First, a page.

June 5th, 2008


Tony Rezko was convicted today, in federal court, on 16 of 24 counts.  He may end up sentenced to more time than he has left to live.  And he still faces another big federal trial.  If he continues to keep his mouth shut, he's tougher than I thought.

I work near the federal court building, so I walked over after work.  The media was huddled together in a press area on the ground floor.  I stood a few feet away, separated by the plate glass window, watching them.  They were milling about, anxiously waiting for major players to appear.  I watched as Rezko's lawyer showed up and gave an interview.

Rezko didn't show  up.  He decided to start doing his time.  I saw a white prisoner van pulling out of the garage, sirens blaring.  One of the reporters pointed at it and said "there he goes!"  Perhaps.

The prosecuting attorneys hadn't shown up yet, and unlike the reporters it wasn't my job to wait for them, so I took off.

I had a train to catch,
and a yoga class to stretch.

Rezko had a room with a lock
in a state of shock.

Let The Dialog Begin

Said the pollster to the voter:
Come and lend your voice:
Which man are you thinking of?
Who makes your heart rejoice?

Said the voter to the pollster:
Neither do I love.
I'm thinking that I need a choice
for none of the above.


The R. Kelly underage-sex-video trial has taken a strange turn.

Now they're arguing about a mole that's on Kelly's back.

If the guy on the tape is back-mole-free, then it can't be R. Kelly.  The state's expert says you can see the mole, now and then, on the grainy old video.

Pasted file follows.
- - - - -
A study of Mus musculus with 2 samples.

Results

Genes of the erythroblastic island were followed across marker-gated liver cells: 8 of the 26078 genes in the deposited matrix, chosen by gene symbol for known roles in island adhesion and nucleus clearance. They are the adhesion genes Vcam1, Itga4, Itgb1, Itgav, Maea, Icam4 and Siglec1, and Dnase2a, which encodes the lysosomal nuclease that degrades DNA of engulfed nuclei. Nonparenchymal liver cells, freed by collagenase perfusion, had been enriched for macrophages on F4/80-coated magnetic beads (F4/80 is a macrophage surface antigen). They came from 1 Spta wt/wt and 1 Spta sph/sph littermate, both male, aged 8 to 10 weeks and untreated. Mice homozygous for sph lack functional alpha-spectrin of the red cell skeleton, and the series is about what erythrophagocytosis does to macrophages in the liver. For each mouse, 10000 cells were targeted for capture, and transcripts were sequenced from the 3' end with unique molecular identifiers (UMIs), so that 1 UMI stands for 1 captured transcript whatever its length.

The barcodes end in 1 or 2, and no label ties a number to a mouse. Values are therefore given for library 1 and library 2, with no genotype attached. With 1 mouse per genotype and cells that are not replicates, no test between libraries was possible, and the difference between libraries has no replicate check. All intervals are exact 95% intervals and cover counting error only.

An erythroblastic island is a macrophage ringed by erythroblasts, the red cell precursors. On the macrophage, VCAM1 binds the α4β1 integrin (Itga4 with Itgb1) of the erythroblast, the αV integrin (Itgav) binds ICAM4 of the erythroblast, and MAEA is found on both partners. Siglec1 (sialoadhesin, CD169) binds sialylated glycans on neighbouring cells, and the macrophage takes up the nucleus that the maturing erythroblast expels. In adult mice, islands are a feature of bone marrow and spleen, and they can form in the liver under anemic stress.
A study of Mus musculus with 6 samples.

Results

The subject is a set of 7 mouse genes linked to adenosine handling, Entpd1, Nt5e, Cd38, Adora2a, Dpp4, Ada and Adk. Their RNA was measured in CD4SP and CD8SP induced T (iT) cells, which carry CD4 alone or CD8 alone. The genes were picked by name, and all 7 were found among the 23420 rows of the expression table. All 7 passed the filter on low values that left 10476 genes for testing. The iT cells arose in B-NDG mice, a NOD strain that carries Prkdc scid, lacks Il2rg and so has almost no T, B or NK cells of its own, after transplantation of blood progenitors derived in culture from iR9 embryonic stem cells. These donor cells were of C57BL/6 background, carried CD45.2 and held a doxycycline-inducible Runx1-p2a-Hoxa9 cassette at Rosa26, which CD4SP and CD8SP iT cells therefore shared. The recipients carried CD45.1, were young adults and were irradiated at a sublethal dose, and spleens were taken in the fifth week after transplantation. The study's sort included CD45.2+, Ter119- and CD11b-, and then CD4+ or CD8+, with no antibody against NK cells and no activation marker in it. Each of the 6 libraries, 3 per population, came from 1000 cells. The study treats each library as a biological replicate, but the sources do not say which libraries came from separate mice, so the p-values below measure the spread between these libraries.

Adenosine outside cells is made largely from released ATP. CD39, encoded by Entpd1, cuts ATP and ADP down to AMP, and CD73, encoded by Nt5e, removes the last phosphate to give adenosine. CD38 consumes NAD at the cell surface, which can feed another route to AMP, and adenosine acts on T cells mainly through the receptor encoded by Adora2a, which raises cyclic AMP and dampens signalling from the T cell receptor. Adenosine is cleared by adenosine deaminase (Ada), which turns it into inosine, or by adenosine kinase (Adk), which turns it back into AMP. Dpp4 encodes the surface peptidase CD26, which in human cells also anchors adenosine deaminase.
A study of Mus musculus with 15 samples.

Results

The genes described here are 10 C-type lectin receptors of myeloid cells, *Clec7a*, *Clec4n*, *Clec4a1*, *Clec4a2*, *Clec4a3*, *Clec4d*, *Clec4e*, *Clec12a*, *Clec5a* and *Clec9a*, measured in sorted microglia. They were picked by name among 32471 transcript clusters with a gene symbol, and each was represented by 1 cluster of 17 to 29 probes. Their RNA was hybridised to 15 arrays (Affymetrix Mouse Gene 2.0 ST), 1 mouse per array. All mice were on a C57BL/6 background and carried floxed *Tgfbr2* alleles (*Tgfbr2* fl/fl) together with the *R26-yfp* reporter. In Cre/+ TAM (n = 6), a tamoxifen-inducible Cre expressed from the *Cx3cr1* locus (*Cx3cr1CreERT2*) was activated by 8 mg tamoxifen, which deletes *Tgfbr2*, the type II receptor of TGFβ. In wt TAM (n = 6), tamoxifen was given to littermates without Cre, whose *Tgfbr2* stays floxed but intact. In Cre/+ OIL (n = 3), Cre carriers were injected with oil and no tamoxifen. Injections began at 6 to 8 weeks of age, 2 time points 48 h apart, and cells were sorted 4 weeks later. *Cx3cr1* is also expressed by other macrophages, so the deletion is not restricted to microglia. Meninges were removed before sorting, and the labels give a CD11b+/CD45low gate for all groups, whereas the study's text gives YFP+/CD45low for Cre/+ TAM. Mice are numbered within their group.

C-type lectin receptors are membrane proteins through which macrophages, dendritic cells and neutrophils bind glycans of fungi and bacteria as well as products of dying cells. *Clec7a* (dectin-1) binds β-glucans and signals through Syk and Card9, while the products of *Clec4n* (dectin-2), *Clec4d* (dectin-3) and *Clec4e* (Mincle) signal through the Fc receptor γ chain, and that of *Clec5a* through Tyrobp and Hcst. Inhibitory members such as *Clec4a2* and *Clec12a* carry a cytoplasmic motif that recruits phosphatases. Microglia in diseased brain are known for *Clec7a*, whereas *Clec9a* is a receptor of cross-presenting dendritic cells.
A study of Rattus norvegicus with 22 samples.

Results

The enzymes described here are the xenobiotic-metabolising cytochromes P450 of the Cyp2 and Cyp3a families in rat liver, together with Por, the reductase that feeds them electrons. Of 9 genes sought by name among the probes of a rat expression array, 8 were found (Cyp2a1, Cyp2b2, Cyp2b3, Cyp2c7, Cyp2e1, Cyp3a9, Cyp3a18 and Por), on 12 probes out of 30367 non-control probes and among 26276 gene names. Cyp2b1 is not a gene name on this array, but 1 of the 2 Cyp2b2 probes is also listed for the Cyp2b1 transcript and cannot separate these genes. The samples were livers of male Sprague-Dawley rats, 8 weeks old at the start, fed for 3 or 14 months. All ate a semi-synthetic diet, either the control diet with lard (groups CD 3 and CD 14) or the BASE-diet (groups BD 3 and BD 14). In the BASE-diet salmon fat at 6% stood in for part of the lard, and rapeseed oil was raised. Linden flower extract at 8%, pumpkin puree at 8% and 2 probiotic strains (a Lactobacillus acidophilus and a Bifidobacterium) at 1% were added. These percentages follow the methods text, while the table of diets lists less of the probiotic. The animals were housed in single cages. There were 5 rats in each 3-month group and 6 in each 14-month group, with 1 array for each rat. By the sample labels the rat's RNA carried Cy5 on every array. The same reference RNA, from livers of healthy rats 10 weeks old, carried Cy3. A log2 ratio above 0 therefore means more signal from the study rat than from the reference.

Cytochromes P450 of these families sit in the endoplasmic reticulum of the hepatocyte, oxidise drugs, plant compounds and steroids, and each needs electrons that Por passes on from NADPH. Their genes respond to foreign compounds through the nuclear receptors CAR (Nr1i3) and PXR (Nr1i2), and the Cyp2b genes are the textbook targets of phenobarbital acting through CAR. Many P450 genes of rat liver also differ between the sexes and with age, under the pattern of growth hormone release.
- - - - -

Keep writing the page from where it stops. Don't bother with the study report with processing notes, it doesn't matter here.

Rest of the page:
The Kelly expert says it's not
a mole at all, just a shadowy spot
that fades in and out of view
which a big ole mole wouldn't do.

Of course, we're not allowed to see the tape and judge for ourselves - it's child porn!  At least, the prosecution claims it is.  Anyway, no one can see it.  Unless you're sitting in the courtroom.  Then it's okay.

I gather that looking at child porn isn't a crime, as such, but that owning some, or copying some, must be against the law.  You may have noticed that they always charge people with "downloading" it to their computers.  But... technically... every time you "just look" at an image on the internet, it in fact gets "downloaded" to your computer.  These laws seem to have been written in the age of online bulletin boards.

Meanwhile, technology marches on, and now teenagers are taking naked photos of themselves with their cell phones and sending the pics along to special friends.  Some of these pics end up on the net.
The images are complicating the work of investigators whose job is to find exploited children. Authorities trying to identify youngsters in naked photos are increasingly discovering that the teens themselves took the shots, said John Shehan, a director at the National Center for Missing and Exploited Children.
Part of the problem seems to be
that full-blown cases of puberty
arrive before they're legally free
to swim the deep end of the sea.


My son's dissertation is dedicated to a dying man - the father of a friend - who first got him excited about physics, "who encouraged us to measure gravity in the basement."

Not everyone knows that gravity is measurable.
Even fewer find this activity pleasurable.